Microsoft Expected to Cut “Thousands” of Jobs

July 6, 2017, 4:55 PM UTC

Microsoft initiated a big workforce reorganization that could see thousands of employees leaving the company.

The business technology giant said Thursday it would lay off workers, primarily in the company’s sales division, according to a CNBC report. Microsoft (MSFT) said that the layoffs represent less than 10% of its sales staff, with 75% of the cuts affecting non U.S.-based employees.

“Today, we are taking steps to notify some employees that their jobs are under consideration or that their positions will be eliminated,” a Microsoft spokesperson told CNBC in a statement. “Like all companies, we evaluate our business on a regular basis. This can result in increased investment in some places and, from time-to-time, re-deployment in others.”


Additionally, Microsoft has been increasingly selling versions of its various enterprise software like its Office work suite and Dynamics customer relationship management software in a cloud subscription model, similar to companies like Salesforce (CRM).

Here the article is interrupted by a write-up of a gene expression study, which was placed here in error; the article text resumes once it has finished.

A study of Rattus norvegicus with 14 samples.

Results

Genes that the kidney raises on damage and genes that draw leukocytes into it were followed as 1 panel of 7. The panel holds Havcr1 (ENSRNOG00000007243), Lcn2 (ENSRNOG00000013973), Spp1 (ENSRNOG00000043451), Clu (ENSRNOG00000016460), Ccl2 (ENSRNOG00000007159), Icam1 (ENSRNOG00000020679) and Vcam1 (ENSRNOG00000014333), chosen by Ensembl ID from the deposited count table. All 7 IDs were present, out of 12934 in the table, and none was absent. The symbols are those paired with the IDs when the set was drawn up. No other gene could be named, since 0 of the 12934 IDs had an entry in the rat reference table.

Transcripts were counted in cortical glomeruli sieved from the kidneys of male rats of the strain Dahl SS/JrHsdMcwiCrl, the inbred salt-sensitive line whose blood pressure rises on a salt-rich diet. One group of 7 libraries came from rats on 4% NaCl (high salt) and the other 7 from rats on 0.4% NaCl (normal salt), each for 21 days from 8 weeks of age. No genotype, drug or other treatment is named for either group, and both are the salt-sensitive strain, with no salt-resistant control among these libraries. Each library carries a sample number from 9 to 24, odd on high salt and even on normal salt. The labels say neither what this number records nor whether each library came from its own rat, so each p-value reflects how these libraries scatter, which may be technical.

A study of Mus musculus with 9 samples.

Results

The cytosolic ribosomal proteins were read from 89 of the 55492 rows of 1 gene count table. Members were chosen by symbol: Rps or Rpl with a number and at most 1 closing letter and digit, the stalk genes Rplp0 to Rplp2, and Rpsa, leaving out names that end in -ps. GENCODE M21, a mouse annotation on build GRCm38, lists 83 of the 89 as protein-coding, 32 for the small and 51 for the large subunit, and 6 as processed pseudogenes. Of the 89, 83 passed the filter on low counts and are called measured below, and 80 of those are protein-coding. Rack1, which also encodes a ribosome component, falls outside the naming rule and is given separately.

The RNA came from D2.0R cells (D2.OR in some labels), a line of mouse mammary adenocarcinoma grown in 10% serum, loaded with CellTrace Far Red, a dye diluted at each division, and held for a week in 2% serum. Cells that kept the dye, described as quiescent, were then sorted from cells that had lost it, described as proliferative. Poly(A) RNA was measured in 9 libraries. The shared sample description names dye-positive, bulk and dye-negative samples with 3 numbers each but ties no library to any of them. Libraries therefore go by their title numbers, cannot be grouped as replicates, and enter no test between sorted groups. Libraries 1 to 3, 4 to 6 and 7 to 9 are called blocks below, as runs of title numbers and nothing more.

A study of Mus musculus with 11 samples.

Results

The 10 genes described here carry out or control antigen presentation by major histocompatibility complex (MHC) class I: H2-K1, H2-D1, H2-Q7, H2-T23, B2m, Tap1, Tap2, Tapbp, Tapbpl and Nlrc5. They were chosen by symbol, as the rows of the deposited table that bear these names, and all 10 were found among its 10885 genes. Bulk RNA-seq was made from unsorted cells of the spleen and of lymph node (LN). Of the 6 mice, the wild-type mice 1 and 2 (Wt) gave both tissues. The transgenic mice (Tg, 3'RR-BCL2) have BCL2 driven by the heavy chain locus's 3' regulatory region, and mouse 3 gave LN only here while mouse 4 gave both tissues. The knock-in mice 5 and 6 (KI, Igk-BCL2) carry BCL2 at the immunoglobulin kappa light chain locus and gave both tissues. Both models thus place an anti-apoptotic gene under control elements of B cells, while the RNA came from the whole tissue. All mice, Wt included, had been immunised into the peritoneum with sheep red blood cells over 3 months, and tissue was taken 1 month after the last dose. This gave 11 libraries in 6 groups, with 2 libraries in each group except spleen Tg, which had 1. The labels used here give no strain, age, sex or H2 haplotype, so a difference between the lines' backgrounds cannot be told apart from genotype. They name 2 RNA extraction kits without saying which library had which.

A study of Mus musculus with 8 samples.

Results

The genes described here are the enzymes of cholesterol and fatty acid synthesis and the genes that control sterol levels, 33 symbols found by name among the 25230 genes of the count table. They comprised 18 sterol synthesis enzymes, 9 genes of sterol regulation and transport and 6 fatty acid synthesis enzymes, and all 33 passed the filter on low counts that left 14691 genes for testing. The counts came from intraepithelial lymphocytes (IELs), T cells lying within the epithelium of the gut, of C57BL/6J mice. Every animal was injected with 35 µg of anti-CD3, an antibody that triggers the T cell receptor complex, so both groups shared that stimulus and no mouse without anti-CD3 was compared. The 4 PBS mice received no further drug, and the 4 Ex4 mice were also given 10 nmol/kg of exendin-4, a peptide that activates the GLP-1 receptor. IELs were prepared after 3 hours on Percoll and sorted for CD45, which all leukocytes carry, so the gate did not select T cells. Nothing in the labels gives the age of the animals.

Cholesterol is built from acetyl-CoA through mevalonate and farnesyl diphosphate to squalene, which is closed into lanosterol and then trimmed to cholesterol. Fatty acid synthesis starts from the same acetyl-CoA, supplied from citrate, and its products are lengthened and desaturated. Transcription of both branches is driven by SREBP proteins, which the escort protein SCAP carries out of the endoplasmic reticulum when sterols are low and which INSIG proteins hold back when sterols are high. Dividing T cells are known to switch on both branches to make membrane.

Microsoft said during its latest quarterly earnings report that its cloud business rose 11% year-over-year to $6.76 billion.

Fortune contacted Microsoft for more information and will update this story if it responds.

Update: July 6, 11:45 AM PST.

Microsoft confirmed the layoffs to Fortune, but declined to comment directly on how many employees were impacted, only saying that the number will be in the “thousands.”

Update: 2:00 PM PST.

The New York Times, citing an unnamed source, reports that Microsoft will layoff between 3,000 to 4,000 workers.